In what came to be known as the Massacre of Glencoe - or in Scottish Gaelic Mort Ghlinne Comhann (murder of Glen Coe) - 34 men, two women and two children of the clan MacDonald were murdered in cold blood.
The attack was carried out simultaneously in three places along the glen - Invercoe, Inverrigan, and Achnacon - however, most of the killing took place as the MacDonalds tried to flee from their attackers.
Perhaps more shocking was the fact that attackers had been welcomed guests of the clan, guests received in the hospitable tradition of the Highlands.
The attackers, the first and second companies of the Earl of Argyll’s Regiment of Foot, under the command of Captain Robert Campbell, had stayed amongst the MacDonalds for several days before the eventual massacre.
The day before the betrayal, a captain named Drummond arrived bearing instructions for Robert Campbell, from his superior officer, Major Duncanson. Drummond spent the evening playing cards with his unsuspecting victims and upon retiring, wished them good night and accepted an invitation to dine with MacIain, the chief, the following day.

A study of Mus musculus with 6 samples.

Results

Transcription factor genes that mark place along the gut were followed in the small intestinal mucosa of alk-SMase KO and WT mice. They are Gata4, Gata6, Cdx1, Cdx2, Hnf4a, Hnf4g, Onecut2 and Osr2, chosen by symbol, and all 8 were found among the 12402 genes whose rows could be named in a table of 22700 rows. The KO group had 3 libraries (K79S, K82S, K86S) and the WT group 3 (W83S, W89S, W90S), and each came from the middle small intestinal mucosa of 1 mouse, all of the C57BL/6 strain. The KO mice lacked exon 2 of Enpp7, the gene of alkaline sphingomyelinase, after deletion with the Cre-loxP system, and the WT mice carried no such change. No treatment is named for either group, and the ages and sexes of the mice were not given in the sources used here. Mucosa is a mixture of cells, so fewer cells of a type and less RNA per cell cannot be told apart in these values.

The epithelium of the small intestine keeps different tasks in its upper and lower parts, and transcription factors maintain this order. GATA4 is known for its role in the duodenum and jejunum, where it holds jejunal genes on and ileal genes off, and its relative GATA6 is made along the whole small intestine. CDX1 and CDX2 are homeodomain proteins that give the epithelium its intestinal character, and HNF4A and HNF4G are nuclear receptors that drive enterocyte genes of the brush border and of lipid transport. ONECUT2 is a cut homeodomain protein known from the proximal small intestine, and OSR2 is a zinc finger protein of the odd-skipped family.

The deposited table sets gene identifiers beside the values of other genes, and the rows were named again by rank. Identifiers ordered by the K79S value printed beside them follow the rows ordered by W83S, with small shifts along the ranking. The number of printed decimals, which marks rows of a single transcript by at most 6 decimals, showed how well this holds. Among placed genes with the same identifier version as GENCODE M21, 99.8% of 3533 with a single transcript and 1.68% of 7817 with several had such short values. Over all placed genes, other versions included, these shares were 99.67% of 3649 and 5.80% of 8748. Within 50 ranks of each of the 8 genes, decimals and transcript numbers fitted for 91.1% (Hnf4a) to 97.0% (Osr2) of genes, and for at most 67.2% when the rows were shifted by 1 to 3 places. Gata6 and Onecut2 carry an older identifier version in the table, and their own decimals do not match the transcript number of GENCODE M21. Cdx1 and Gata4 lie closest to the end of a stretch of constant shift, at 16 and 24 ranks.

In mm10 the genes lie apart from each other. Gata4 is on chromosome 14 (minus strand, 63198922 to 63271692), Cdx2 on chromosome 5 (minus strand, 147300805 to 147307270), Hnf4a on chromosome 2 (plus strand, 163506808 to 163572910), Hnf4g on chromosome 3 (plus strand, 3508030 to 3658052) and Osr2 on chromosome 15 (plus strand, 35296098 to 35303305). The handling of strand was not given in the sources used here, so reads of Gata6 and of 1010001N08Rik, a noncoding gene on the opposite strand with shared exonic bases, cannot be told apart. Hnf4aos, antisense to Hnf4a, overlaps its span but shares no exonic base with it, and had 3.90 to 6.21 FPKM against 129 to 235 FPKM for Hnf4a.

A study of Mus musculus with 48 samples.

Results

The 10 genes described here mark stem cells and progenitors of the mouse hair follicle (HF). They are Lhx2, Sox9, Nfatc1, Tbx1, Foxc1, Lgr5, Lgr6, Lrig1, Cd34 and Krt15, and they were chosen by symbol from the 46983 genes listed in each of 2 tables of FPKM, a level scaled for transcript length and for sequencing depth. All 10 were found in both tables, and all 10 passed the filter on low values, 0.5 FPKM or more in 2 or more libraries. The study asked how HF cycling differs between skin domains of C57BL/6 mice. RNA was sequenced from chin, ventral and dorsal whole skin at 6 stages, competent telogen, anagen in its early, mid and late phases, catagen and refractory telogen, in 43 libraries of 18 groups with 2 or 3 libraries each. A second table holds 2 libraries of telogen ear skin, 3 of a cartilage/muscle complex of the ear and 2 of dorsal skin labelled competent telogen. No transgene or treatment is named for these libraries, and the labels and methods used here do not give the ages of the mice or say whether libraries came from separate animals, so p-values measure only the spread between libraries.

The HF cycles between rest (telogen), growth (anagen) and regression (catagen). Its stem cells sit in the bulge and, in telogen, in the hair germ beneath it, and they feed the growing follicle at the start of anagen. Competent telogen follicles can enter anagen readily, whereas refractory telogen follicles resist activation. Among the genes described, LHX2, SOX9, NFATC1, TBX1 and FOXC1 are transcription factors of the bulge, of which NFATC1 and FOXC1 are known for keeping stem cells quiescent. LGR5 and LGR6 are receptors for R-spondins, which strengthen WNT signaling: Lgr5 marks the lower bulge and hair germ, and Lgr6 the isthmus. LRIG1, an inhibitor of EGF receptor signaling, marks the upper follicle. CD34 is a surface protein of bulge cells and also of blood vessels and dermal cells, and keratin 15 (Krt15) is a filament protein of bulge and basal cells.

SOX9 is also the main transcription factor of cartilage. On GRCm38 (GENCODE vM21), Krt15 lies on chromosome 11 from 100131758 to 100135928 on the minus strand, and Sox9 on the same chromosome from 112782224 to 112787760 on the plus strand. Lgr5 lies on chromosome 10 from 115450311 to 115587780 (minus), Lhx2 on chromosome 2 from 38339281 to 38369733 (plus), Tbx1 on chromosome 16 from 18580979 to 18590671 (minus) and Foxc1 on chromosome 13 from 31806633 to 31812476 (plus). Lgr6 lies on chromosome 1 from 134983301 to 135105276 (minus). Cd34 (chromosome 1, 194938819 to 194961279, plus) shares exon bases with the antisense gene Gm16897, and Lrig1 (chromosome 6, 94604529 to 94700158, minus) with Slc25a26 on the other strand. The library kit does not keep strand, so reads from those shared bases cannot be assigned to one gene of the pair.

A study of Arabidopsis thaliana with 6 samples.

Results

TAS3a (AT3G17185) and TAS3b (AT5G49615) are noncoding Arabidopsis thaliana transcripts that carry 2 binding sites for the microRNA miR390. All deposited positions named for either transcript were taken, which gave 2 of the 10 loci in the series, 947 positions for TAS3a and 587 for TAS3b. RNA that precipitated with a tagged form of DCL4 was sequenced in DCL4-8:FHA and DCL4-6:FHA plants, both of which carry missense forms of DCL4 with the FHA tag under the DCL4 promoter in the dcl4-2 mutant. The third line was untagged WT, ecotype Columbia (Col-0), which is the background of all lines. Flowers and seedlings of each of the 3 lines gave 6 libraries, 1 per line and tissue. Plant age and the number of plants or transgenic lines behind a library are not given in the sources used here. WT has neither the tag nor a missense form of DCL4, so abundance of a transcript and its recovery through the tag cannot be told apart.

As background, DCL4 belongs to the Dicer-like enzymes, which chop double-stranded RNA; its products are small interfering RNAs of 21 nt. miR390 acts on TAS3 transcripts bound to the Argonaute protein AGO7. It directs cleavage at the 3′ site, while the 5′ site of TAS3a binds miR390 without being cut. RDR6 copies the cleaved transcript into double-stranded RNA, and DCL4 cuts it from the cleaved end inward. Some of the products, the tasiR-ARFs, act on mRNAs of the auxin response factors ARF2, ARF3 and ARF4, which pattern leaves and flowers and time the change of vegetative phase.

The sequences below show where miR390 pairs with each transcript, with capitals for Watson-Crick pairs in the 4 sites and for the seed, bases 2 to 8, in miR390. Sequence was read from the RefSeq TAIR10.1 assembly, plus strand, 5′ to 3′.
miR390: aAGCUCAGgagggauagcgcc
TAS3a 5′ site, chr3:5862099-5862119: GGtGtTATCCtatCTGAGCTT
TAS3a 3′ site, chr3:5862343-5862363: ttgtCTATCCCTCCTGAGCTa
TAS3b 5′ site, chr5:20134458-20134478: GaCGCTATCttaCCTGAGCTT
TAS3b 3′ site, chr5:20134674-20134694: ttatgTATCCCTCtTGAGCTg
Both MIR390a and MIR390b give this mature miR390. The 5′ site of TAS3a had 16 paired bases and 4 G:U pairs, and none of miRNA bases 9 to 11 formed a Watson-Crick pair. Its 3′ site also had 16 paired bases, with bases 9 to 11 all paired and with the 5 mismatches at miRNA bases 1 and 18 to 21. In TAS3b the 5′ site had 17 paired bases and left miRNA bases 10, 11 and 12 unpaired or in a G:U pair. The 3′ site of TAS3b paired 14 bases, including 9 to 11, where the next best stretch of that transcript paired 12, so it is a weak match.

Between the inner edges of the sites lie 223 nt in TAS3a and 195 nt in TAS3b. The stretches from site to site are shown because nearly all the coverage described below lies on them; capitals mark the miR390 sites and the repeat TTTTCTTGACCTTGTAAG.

The following morning the murder began, as the soldiers, led by the Campbells ambushed the clan chief and several of his kinsmen.
As the murderous act unfolded, various members of the two companies found ways of warning their hosts. Two lieutenants, Lt Francis Farquhar and Lt Gilbert Kennedy even broke their swords rather than carry out their orders. They were arrested and imprisoned, but were exonerated, released and later gave evidence for the prosecution against their superior officers.
No action was taken against William either, who it was discovered had authorised the massacre.